Guide to Microsoft Office 2010
Office 2010 is going to the cloud
Direct response to Google Apps, Microsoft is rolling out lightweight, FREE, Web browser versions of Word, PowerPoint, Excel and OneNote. All based in the cloud, the web-based versions of these products have fewer features than their desktop cousins but still give users basic tools to edit and change documents.
The Redmond corporation has already released its Live cloud services that allow for online document collaboration.
Microsoft has announced at its Worldwide Partner Conference in New Orleans about the new version of Microsoft Office 2010 revealing some of the features that they are planning to implement in the new installment.
Users now would have the capability of editing video and images within PowerPoint with a basic video editing tool and an image editing tool, which is like a basic, simple version of Adobe Photoshop.
Excel spreadsheets would be able to run in the browser, and similar to PowerPoint, spreadsheets would be able to be published to the browser via the desktop version. The browser version of Excel would have limited features, but offers more in-depth functionality than Google Spreadsheets, according to Tech Crunch.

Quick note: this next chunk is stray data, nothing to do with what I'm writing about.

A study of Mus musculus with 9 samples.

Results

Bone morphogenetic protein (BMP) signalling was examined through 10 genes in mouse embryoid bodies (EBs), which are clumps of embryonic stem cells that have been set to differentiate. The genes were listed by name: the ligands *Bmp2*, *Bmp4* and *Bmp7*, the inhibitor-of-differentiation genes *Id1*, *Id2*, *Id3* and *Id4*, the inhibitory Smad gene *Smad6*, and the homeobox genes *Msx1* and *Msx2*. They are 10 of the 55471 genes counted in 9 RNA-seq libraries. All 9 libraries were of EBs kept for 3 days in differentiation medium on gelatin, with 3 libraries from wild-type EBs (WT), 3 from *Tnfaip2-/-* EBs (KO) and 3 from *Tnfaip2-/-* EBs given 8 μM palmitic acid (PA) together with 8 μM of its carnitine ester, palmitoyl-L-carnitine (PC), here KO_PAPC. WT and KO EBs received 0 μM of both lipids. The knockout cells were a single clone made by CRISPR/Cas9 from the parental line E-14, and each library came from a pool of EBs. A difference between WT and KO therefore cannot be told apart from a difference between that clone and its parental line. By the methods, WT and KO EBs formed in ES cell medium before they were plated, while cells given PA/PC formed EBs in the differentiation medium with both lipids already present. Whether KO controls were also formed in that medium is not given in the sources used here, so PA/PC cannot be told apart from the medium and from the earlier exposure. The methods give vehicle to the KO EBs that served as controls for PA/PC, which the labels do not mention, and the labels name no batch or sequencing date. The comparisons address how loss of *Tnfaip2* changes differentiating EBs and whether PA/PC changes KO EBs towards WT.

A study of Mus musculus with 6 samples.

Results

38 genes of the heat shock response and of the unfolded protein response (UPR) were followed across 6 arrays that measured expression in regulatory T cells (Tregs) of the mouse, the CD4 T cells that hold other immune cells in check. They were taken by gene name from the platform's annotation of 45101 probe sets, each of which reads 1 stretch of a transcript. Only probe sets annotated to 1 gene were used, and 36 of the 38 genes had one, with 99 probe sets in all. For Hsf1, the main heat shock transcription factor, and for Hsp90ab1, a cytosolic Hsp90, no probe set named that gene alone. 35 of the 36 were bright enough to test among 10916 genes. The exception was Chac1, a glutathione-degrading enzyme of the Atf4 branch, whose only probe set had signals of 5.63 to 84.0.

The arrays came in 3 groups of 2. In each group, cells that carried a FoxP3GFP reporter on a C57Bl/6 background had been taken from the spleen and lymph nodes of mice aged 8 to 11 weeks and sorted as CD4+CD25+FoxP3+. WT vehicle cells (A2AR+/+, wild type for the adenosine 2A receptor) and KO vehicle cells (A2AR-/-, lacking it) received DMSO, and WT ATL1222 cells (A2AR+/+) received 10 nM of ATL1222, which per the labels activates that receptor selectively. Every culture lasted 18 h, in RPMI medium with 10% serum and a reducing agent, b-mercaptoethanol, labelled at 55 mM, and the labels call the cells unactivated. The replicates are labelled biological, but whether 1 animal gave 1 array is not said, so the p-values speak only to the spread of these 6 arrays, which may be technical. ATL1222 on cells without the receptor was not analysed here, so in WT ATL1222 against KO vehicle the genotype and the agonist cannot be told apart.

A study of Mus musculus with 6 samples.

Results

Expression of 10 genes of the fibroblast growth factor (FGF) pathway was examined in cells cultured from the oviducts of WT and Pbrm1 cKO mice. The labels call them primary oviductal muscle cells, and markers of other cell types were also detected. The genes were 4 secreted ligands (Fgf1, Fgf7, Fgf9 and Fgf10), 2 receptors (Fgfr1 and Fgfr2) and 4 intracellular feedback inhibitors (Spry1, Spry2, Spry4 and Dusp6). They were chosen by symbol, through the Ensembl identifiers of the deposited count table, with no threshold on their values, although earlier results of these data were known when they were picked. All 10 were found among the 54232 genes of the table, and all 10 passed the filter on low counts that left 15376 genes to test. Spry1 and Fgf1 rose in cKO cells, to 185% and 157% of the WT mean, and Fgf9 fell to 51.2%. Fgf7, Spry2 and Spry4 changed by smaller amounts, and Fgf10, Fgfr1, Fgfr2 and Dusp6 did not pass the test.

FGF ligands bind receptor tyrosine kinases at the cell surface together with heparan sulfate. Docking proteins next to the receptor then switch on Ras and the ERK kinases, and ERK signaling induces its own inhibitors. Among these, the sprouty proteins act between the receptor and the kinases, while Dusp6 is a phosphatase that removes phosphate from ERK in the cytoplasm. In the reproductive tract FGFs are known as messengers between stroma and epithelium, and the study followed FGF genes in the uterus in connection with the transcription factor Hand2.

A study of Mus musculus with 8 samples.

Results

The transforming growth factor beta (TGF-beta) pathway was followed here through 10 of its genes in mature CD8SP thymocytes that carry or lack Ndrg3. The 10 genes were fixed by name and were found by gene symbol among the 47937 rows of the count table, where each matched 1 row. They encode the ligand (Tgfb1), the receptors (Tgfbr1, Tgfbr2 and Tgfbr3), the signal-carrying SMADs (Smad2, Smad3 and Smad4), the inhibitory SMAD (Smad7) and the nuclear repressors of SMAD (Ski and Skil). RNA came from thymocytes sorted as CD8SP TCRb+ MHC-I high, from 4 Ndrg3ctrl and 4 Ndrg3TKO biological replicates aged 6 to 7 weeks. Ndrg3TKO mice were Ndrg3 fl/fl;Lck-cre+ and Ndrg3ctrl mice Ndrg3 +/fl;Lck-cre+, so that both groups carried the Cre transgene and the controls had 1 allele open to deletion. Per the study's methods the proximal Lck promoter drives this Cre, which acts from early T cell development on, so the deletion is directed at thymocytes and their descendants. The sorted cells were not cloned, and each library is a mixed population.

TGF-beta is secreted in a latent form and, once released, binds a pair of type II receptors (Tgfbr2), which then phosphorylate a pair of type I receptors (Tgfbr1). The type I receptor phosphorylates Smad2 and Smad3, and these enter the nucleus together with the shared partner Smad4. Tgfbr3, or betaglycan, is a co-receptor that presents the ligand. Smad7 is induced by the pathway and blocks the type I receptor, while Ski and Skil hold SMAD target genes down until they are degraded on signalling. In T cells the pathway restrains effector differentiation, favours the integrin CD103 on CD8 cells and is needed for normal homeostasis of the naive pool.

In the browser, documents retain the same look and feel as in the
desktop. The browser version still has the “ribbon user interface,”
where you one would be able to change fonts, size, formatting, styles etc.
Microsoft would update the desktop version of Word 2010 to have collaborative
features so that multiple users would be able to edit a document at once. This
collaboration is not available in the web version, unfortunately.
Microsoft says that users don’t want this feature but this might be a
move to protect the Office revenue model.